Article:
New products, Protecting yourself

Buy stuff just by nodding? I’m shaking my head

Jay MacDonald

“Imagine coming to a store and your wallet is already there.”

So begins a beguiling new YouTube video from Finnish startup Uniqul (think: unique) that promises to one day replace all the cumbersome PIN/password/security code verification of your typical credit card transaction with one hands-free identifier that no one can steal or duplicate: your face. (Offer not good in Hollywood.)Buy stuff just by nodding? I'm shaking my head

Uniqul bills itself as the world’s first facial recognition payment system. Once its store-mounted camera spots you, the company’s “military grade algorithms” compare your face to the biometrics in its database. If your mug is registered, the system completes all the verification voodoo for you while you shop. At check out, all you have to do is give “a meaningful nod” and press OK on the point-of-sale terminal and you’re on your way 25 seconds faster than the average 30-second card transaction.

Now, if you’re already a bit uneasy with this whole idea, it’s probably because the optics (pardon the pun) of facial recognition have been limited thus far to two decidedly non-warm-and-fuzzy pursuits: security surveillance and catching bad guys.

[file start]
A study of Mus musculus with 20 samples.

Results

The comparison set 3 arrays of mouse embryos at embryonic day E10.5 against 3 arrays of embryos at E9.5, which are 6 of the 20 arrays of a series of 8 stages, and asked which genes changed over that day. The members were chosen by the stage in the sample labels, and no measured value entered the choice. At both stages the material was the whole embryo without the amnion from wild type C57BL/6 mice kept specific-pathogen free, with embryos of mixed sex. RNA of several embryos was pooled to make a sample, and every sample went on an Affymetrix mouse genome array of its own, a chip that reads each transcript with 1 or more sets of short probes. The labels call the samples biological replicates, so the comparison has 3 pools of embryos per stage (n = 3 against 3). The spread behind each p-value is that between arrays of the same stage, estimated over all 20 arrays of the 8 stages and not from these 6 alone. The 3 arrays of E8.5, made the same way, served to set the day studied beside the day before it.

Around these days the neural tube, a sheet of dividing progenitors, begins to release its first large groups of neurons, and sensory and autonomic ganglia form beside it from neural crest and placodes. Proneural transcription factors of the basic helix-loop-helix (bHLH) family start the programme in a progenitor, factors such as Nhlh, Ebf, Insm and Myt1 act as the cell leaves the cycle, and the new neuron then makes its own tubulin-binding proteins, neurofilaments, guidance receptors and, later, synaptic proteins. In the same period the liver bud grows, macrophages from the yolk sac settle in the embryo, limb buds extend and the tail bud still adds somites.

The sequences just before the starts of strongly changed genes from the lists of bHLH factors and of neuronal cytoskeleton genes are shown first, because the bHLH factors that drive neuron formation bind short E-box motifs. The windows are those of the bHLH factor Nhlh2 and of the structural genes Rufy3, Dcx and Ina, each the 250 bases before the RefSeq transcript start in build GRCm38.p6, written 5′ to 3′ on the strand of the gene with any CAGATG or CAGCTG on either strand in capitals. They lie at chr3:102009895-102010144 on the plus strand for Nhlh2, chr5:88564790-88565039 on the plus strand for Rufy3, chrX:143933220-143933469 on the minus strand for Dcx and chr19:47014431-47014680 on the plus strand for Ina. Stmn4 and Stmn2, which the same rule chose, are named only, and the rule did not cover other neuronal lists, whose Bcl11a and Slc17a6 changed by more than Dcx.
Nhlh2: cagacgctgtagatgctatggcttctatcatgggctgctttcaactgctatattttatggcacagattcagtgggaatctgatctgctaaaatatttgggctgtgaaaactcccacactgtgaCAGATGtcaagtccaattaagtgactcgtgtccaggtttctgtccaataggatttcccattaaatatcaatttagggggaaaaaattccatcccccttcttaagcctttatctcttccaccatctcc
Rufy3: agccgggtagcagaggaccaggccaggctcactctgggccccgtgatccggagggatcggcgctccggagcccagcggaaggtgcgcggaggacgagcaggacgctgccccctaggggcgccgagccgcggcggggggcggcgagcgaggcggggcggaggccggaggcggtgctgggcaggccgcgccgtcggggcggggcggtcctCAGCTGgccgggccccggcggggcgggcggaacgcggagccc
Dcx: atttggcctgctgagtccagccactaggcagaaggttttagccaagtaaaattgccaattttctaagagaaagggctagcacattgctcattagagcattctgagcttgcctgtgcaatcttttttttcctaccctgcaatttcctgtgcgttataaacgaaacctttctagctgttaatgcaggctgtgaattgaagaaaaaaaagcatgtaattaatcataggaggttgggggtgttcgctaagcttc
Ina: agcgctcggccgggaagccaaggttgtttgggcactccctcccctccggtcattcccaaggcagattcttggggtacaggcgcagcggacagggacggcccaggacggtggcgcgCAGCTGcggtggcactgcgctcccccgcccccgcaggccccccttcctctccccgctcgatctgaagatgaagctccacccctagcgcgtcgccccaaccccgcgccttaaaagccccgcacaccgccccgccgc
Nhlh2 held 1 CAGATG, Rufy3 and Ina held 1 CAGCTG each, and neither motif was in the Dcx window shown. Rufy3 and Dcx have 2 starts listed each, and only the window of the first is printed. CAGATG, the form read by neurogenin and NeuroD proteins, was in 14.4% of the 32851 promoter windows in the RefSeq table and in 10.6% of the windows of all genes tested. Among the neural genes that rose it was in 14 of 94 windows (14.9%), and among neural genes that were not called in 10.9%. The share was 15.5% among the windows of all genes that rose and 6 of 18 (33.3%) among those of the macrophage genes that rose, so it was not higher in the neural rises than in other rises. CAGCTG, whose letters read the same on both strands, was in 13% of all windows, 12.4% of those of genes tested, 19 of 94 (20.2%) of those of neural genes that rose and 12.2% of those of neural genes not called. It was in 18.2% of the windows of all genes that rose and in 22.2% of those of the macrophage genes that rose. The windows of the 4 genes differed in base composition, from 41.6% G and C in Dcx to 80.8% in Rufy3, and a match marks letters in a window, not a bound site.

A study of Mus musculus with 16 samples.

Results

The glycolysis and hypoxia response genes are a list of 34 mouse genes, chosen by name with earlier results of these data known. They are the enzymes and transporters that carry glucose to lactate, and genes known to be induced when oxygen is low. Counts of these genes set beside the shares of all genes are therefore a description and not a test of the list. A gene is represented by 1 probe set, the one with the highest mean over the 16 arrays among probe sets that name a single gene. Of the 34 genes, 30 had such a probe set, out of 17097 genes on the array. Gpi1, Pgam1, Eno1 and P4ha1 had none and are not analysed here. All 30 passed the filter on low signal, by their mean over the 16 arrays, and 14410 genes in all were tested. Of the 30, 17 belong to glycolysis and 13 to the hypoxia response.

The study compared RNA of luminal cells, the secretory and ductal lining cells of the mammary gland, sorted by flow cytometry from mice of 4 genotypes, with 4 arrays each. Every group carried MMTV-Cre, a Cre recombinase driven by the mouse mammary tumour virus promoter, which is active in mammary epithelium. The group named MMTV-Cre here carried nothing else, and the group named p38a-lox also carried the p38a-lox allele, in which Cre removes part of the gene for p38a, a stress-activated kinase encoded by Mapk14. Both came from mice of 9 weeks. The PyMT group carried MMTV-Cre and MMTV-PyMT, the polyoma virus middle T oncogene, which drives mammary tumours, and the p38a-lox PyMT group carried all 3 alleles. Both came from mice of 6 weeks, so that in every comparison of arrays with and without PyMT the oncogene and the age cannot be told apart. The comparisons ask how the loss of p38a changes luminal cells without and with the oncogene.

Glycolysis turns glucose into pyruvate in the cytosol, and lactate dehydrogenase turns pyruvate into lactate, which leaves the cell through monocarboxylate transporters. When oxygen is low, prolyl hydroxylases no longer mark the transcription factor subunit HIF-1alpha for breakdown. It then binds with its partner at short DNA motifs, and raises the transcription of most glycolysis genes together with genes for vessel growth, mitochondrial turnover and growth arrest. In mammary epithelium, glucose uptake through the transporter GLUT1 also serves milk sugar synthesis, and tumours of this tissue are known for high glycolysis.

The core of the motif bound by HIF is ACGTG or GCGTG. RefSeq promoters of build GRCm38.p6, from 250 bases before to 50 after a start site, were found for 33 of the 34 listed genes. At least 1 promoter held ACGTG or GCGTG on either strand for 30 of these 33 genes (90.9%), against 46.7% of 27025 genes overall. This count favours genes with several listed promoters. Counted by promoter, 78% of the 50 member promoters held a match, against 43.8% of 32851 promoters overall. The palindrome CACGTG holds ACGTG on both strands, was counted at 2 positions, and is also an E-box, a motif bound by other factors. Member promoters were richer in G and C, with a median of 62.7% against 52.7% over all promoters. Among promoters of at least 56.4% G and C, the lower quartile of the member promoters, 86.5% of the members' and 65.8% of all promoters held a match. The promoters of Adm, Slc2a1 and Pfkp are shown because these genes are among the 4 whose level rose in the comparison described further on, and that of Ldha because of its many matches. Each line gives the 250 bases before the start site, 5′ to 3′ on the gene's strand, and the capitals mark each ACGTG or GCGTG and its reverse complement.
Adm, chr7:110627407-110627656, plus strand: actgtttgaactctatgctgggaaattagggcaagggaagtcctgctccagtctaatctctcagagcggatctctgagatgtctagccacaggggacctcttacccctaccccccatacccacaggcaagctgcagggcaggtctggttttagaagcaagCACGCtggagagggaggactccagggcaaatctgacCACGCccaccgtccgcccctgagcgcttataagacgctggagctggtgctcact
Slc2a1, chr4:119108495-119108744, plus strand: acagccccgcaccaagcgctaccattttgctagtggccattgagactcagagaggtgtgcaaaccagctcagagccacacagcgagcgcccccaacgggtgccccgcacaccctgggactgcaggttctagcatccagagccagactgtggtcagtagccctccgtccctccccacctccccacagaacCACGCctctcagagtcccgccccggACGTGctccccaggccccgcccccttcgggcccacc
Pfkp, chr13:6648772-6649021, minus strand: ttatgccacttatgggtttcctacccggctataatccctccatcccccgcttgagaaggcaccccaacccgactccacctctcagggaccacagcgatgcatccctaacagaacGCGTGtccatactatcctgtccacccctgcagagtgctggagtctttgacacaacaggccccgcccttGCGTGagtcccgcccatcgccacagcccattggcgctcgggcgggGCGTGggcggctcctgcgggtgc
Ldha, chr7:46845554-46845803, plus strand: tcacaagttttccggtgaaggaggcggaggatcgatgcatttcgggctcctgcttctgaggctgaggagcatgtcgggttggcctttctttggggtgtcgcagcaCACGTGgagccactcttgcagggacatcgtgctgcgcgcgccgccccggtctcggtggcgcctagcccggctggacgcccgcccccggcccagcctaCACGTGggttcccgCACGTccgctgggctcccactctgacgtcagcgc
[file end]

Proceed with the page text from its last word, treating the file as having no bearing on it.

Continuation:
We may marvel at the role that facial recognition played in hunting down the Boston Marathon bombing suspects in mere hours, but we haven’t quite made the leap to embracing big brother as the expediter of our shopping dreams.

It doesn’t help that the most-recognizable “face” of facial recognition in popular culture so far is that creepy software billionaire Harold Finch, played by Michael Emerson on CBS-TV’s “Person of Interest.” The show’s premise is that Finch, through supercomputers, facial recognition software and omnipresent cameras (along with an occasional right cross from a hard-muscled helper) anonymously prevents bad things from happening.

Even if the pay-by-face concept doesn’t creep you out, the question remains: Would you pay for the convenience of shaving 25 seconds off your purchase time with a “meaningful nod?” For its upcoming launch in Helsinki, Uniqul plans to charge Fins from $1.30 to $9.20 per month, depending on how far and wide they plan to nod.

Attempts to speed up America’s traditional mag stripe transaction with “tap-and-go” near-field communications (NFC) and mobile apps have had little impact, largely due to lack of widespread merchant acceptance. More intrusive one-step verification systems such as fingerprinting never even got off the drafting table. All of which leaves U.S. merchants and card issuers in a decade-long stalemate over who’s going to pick up the tab to invest in smart card POS technology.

Could facial recognition be that magical, cost-effective breakthrough they’ve both been searching for?

I’m not getting that picture, at least not yet. The technology is too new and prone to fail when the images are blurry or heads tilted. And in my view, America is getting more, not less, uncomfortable with eyes in the sky, whether it’s Times Square or drones buzzing the neighborhood or red-light cameras at intersections.

In the current environment, it’s going to be an uphill climb to sell facial recognition as a consumer convenience in the United States — even if it is.